Hunger and malnutrition are primarily caused by inequality in our global agricultural and food system. While there is enough food for everyone in the world, billions of men, women and children nevertheless suffer from food insecurity. Small farmers in rural areas in particular do not have the money for balanced nutrition. Welthungerhilfe (WHH) is advocating a rethink for more social justice and ecological sustainability around the world. The organization links sustainable and poverty-focused development strategies at local, national and international level as a means of making the sustainable development goal of zero hunger by 2030 possible.
India: structural reforms safeguard nutrition
India is a prime example of misguided development policy. It is the second-largest food producer in the world, it has enjoyed great economic success, and the right to food is anchored in the Indian constitution. Despite this, over 200 million Indians suffer from hunger.
WHH helps landless and marginalized smallholders in India to secure their food supply through integrated agricultural operating systems. The organization works together with partners and the population to develop locally adapted strategies designed to ensure healthy nutrition. Women and men alike set up vegetable gardens and seed banks, intensify rice cultivation, construct irrigation systems, keep animals or breed fish, and process their produce for resale in order to create income. These measures have enabled them to increase the variety of produce in their fields, on their plates and at the market, thereby leading to balanced nutrition. In 2022, WHH reached nearly 2 million people in India through its projects.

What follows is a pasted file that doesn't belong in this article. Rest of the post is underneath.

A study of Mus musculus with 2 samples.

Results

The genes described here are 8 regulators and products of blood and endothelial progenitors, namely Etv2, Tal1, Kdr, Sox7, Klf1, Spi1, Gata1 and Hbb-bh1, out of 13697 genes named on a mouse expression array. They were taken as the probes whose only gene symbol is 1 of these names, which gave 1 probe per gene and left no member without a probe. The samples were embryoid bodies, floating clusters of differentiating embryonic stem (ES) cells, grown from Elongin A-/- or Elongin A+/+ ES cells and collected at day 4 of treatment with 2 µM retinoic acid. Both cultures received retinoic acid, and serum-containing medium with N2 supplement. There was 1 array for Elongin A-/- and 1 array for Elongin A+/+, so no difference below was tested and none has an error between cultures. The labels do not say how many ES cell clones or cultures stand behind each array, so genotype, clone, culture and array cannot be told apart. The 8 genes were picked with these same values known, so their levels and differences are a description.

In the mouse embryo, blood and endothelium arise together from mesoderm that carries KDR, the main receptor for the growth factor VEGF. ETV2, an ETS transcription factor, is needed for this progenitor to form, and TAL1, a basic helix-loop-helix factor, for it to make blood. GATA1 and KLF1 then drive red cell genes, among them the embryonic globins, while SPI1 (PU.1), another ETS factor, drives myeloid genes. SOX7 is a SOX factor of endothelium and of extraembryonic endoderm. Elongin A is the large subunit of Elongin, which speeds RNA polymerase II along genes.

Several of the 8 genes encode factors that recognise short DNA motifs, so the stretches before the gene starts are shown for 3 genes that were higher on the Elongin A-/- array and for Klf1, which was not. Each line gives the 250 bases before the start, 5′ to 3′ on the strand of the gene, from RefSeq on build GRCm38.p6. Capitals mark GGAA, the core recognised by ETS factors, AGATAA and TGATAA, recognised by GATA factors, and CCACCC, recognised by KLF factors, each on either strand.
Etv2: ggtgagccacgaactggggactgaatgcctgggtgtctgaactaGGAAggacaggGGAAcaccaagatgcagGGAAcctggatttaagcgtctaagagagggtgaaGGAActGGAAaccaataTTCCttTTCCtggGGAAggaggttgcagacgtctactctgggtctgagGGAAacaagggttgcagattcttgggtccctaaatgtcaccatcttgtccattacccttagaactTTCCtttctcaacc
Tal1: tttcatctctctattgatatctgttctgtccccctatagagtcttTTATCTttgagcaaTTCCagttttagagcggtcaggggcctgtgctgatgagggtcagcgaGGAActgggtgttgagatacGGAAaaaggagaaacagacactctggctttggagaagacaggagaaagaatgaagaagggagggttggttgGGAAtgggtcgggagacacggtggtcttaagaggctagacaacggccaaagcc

Holding the state to account
The Indian government has launched many programs to improve nutrition and health among mothers and children, to introduce school meals, and to create job opportunities. However, this assistance unfortunately does not reach disadvantaged people located further away from the centers of power. WHH helps these families to claim their rights while providing training for community administrative officials and decision-makers who are responsible for implementing state programs.
In the state of Madhya Pradesh alone, newly trained government representatives have informed 650,000 women about their rights through participative training methods. Over 100,000 children under the age of two have benefited from workshops for child welfare. WHH’s partner organizations have directly trained 10,000 women and 5,000 children in matters relating to healthy nutrition and hygiene. The village residents are now in dialogue with community representatives and are able to check their access to government programs using systematized evaluation cards. This allows people to take control of their own development at the local level.
Shared responsibility between North and South
To achieve a world without hunger, industrialized nations must also take responsibility. After all, their demand for biomass for fuel, animal feed, and industrial products is immense and is leading to more land being used for monoculture-based biomass production – particularly in developing countries. Overexploitation of nature has also had profound social consequences in many areas, such as land-grabbing and rising food prices.
Our resource-intensive lifestyle speeds up climate change and increases vulnerability. It leads to increasingly frequent droughts and catastrophic storms and floods in developing countries, resulting in poverty, hunger, and malnutrition. This is why in addition to supporting affected people at the local level, WHH is involved in many national and international networks in Germany, Europe, and the United Nations. WHH is helping to change the structural causes of hunger and malnutrition and to establish the human right to food through these political efforts.